While all of Rachel McMillan’s books are important to her, the release of the local writer’s latest novel feels extra special.
McMillan, who grew up in Orillia and now lives in Toronto, likes to write in coffee shops and pubs, including ones in Orillia when she’s visiting, but COVID-19 restrictions often prevented her from doing so over the past couple of years.
“I’m just glad it’s finally out,” she said of The Mozart Code. “It’s the book that I tried and failed to write many times during the pandemic.”
Those struggles brought her closer to the book and its characters.
“The only company I had were these characters, so I think that I have clung to this one because it was so difficult to write,” she said.
She travelled to Vienna and Prague in December 2019. It was her last research trip before the pandemic. Her observations of the cities and architecture come to life in The Mozart Code.
“Ideally, readers will be able to experience these cities through The Mozart Code,” she said.
“I’m fascinated by how architecture is the closest thing we have to experience how things were in those places in the past. It’s the greatest living art experience we can have when we visit anywhere from Sainte-Marie among the Hurons to Prague.”
Set in post-Second World War Europe in 1947, the novel follows Sophie Villiers and Simon Barrington. Villiers is on a mission to “infiltrate the world of relics” and uncover “vital information that could tilt the stakes of the mounting Cold War,” according to a description of the novel.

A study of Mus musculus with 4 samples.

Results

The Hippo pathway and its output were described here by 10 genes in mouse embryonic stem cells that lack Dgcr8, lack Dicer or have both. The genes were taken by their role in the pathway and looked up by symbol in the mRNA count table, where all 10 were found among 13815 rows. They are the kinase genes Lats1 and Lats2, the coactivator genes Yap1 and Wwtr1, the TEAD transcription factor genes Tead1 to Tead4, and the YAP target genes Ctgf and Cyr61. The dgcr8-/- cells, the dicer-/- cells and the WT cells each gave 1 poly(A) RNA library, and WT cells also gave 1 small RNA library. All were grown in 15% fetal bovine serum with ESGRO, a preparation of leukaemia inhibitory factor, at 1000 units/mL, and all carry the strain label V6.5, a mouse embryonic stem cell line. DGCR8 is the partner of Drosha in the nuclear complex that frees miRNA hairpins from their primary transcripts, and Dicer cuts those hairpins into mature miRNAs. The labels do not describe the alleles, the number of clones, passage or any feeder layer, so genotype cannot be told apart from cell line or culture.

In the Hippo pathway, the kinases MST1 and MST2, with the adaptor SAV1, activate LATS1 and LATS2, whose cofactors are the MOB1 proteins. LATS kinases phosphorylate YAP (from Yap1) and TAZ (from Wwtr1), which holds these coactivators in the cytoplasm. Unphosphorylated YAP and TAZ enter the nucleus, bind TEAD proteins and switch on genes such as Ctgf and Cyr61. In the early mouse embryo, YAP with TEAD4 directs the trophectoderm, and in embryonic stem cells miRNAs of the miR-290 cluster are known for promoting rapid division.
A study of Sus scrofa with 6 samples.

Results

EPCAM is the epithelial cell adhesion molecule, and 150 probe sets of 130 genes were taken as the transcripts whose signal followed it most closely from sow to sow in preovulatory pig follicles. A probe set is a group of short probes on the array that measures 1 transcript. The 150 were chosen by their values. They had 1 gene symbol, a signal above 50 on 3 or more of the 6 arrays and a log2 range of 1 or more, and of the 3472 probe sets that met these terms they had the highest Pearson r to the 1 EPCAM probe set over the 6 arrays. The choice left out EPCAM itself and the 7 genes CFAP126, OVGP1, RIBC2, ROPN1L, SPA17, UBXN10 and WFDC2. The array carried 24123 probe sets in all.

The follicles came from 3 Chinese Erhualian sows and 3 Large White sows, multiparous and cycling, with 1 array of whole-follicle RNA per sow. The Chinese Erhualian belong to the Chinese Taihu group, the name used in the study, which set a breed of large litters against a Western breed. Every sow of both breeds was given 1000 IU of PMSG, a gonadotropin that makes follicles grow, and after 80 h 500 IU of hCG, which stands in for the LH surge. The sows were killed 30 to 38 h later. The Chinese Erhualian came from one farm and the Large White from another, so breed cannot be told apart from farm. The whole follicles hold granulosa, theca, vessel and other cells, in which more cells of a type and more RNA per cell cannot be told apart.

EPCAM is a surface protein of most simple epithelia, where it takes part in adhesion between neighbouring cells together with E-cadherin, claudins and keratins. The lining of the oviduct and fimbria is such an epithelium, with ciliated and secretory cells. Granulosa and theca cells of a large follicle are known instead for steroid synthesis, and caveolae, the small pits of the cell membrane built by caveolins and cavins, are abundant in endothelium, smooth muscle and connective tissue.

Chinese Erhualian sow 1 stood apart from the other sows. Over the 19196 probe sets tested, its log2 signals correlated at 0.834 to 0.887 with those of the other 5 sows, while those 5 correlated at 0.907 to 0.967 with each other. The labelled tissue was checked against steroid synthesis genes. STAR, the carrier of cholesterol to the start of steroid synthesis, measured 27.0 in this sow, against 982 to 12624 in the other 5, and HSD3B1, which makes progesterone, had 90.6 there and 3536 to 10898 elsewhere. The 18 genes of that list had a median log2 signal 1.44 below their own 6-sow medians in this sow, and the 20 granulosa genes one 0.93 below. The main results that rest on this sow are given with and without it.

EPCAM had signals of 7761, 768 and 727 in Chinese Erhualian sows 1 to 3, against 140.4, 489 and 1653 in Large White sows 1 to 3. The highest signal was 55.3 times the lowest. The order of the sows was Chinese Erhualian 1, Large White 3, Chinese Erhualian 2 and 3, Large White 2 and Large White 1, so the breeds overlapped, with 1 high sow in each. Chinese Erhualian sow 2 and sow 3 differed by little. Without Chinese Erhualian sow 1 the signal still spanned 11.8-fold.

“When several influential men charge her with finding the death mask of Mozart, Sophie wonders if there is more than the composer’s legacy at stake and finds herself drawn to potential answers in Prague.”
Barrington, who has long been in love with Villiers, “seeks answers about Sophie only to learn that everything he thought he knew about his involvement in both wars is based on a lie.”
McMillan describes The Mozart Code as a companion book to her 2020 novel, The London Restoration. The plot is entirely different, but The Mozart Code plucks two supporting characters — Villiers and Barrington — from The London Restoration and turns them into leads.
Barrington was created to be a “plot point” in The London Restoration, McMillan explained.
“While I was writing, he told me his entire story,” she said. “I told my editor, ‘I think I’ve got another book.’”
McMillan noted she is a writer of historical fiction, not a historian. She hopes those who read The Mozart Code will be inspired to learn more about some of the places and events described in the book — whether it’s the architecture, the Cold War, MI6 or Mozart.
The Mozart Code was released today (Tuesday) and is available online and in bookstores, including Manticore Books in downtown Orillia.
Based on pre-orders, the novel is already one of Indigo’s top 10 historical fiction picks in Canada.
McMillan will be participating in two virtual launch events that are open to anyone. The United States launch event will take place tonight at 8 p.m. and can be accessed here. The Canadian launch event will take place Thursday at 7 p.m. and can be accessed here.